10/14/08For the past three weeks that I've resumed posting regularly, and reading (quite voraciously) poetry blogs, aside from the books I now have lying on my bed (which now looks somewhat of a nest of pillows and books), I have come across several that have kept me engrossed and, at times, engaged in a sort of astral projection (grin). Here I am eager to share a baker's dozen of them, with you.
Sit back. Relax. Click. Enjoy the read. Be part -- rather, acknowledge that you are a part -- of the microcosm that is the writing community in the blogosphere.
A Runner's Sonnet by Scott Ennis. link
Abram's Neighbor on the 10 O'clock News by Scott Ennis. link
Antique Horns by KGT. link
Flower Bead by Yuzublizzard. link
Impulse Purchase by Joaquin Carvel. link
In My Dreams by Kathleen Mortensen. link
October Apples by Dean J. Baker. link
Saturn Devours His Son by Jo Hemmant and Michelle McGrane. link
Shaken by Robert Cameron Hazelton. link
Tuesday Morning, Painting the Moon by Steven Schroeder. link
Umoja by Diane Ferri. link
We Leave The Beaches For Tourists by Julie Buffaloe-Yoder.
And, to complete the list, here is a classic piece entitled "The Sentry" by English poet Wilfred Owen (1893-1918). I've been rereading his book for the nth time; this particular war poem of his (one of his last pieces of writing before he died in battle) never gets old for me. Every time I read it, my hands tremble, and my mind is transported to several places at once: far south of where I am, in provinces in Mindanao where our own soldiers are engaged in decades' long conflict of blood and land, in the Middle East where my own mother has witnessed one of the many instances of bombings in key cities, and in other parts of the world where peace-keeping missions are on the verge of going awry.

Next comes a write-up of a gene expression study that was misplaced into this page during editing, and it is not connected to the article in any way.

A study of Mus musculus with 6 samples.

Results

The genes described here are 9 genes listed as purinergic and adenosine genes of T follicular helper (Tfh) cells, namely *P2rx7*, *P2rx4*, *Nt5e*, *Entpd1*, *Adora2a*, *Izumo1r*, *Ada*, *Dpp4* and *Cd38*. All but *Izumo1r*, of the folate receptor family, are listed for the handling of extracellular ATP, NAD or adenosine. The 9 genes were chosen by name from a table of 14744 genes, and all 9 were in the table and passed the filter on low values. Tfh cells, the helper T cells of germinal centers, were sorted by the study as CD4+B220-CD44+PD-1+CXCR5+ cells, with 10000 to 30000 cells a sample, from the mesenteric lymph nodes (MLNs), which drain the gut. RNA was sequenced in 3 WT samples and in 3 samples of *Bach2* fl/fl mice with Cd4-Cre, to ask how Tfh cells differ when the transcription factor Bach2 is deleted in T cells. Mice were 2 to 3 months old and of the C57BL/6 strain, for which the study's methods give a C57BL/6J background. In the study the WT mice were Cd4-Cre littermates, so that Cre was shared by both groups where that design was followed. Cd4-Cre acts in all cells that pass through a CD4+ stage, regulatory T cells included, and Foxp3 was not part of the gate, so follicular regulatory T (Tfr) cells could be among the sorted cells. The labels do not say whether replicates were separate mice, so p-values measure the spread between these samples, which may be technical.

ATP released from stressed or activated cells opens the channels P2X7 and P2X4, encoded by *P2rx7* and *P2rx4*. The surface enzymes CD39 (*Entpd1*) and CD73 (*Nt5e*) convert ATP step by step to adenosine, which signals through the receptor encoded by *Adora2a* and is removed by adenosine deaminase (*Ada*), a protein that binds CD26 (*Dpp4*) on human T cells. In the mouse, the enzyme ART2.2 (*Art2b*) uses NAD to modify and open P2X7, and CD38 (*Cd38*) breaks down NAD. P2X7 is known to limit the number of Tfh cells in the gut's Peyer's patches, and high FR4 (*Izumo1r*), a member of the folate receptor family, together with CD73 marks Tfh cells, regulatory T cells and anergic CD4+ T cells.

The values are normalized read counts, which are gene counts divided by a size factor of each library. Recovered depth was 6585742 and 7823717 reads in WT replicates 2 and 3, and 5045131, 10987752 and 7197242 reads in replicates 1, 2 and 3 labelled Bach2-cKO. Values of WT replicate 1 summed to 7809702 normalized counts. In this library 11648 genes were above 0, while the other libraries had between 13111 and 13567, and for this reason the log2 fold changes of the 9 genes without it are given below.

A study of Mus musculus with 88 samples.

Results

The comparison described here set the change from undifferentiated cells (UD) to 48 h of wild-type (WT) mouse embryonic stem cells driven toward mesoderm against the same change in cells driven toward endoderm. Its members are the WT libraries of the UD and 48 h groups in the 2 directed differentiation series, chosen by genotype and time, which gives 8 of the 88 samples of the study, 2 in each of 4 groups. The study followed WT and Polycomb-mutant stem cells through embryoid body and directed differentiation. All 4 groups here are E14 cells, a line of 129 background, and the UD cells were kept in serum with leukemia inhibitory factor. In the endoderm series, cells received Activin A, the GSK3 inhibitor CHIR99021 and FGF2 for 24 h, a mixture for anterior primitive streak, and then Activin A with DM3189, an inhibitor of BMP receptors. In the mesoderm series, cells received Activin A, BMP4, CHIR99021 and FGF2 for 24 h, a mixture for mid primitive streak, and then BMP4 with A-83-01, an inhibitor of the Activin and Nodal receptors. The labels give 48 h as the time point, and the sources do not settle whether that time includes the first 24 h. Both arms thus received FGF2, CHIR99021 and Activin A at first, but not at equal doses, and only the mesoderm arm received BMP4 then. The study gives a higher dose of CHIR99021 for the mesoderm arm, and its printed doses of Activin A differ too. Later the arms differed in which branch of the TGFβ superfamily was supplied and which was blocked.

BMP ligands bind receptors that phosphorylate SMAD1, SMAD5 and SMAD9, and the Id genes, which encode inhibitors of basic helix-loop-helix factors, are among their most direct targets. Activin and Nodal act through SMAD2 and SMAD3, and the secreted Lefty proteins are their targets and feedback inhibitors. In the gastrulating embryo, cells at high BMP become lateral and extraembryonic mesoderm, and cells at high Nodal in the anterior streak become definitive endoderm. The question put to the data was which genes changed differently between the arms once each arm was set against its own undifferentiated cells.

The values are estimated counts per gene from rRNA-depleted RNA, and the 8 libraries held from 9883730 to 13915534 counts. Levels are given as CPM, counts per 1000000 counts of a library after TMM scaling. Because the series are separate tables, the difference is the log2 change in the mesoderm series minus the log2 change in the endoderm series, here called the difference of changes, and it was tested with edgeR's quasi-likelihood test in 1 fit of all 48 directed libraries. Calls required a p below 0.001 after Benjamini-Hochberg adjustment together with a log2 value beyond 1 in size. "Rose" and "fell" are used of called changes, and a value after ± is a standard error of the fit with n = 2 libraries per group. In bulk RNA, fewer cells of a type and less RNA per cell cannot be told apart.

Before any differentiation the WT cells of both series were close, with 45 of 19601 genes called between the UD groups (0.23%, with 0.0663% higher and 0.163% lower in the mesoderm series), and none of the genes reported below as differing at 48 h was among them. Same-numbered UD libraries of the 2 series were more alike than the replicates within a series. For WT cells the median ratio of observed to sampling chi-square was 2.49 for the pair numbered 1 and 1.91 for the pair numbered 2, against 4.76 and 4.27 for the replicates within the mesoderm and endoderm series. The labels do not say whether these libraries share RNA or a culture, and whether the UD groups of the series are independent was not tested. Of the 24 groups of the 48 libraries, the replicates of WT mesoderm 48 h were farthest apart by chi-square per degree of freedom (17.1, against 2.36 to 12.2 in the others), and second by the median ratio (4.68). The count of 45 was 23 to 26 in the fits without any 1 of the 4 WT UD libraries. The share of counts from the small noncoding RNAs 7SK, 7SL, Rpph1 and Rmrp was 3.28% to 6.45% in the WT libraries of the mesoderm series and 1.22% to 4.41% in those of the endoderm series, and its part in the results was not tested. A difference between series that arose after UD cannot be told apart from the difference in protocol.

Read the poem. Know that you are fortunate, to be able to read this poem at this very moment, because you are safe in your own patch of earth.
by Wilfred Owen
We'd found an old Boche dug-out, and he knew,
And gave us hell, for shell on frantic shell
Hammered on top, but never quite burst through.
Rain, guttering down in waterfalls of slime
Kept slush waist high, that, rising hour by hour,
Choked up the steps too thick with clay to climb.
What murk of air remained stank old, and sour
With fumes of whizz-bangs, and the smell of men
Who'd lived there years, and left their curse in the den,
If not their corpses . . .
There we herded from the blast
Of whizz-bangs, but one found our door at last --
Buffeting eyes and breath, snuffing the candles.
And thud! flump! thud! down the steep steps came thumping
And splashing in the flood, deluging muck --
The sentry's body; then, his rifle, handles
Of old Boche bombs, and mud in ruck on ruck.
We dredged him up, for killed, until he whined
'O sir! my eyes -- I'm blind -- I'm blind, I'm blind!'
Coaxing, I held a flame against his lids
And said if he could see the least blurred light
He was not blind; in time he'd get all right.
'I can't,' he sobbed. Eyeballs, huge-bulged like squids',
Watch my dreams still; but I forgot him there
In posting next for duty, and sending a scout
To beg a stretcher somewhere, and floundering about
To other posts under the shrieking air.
*** *** ***
Those other wretches, how they bled and spewed,
And one who would have drowned himself for good --
I try not to remember these things now.
Let dread hark back for one word only: how
Half-listening to that sentry's moans and jumps,
And the wild chattering of his broken teeth,
Renewed most horribly whenever crumps
Pummelled the roof and slogged the air beneath --
Through the dense din, I say, we heard him shout
'I see your lights!' But ours had long died out.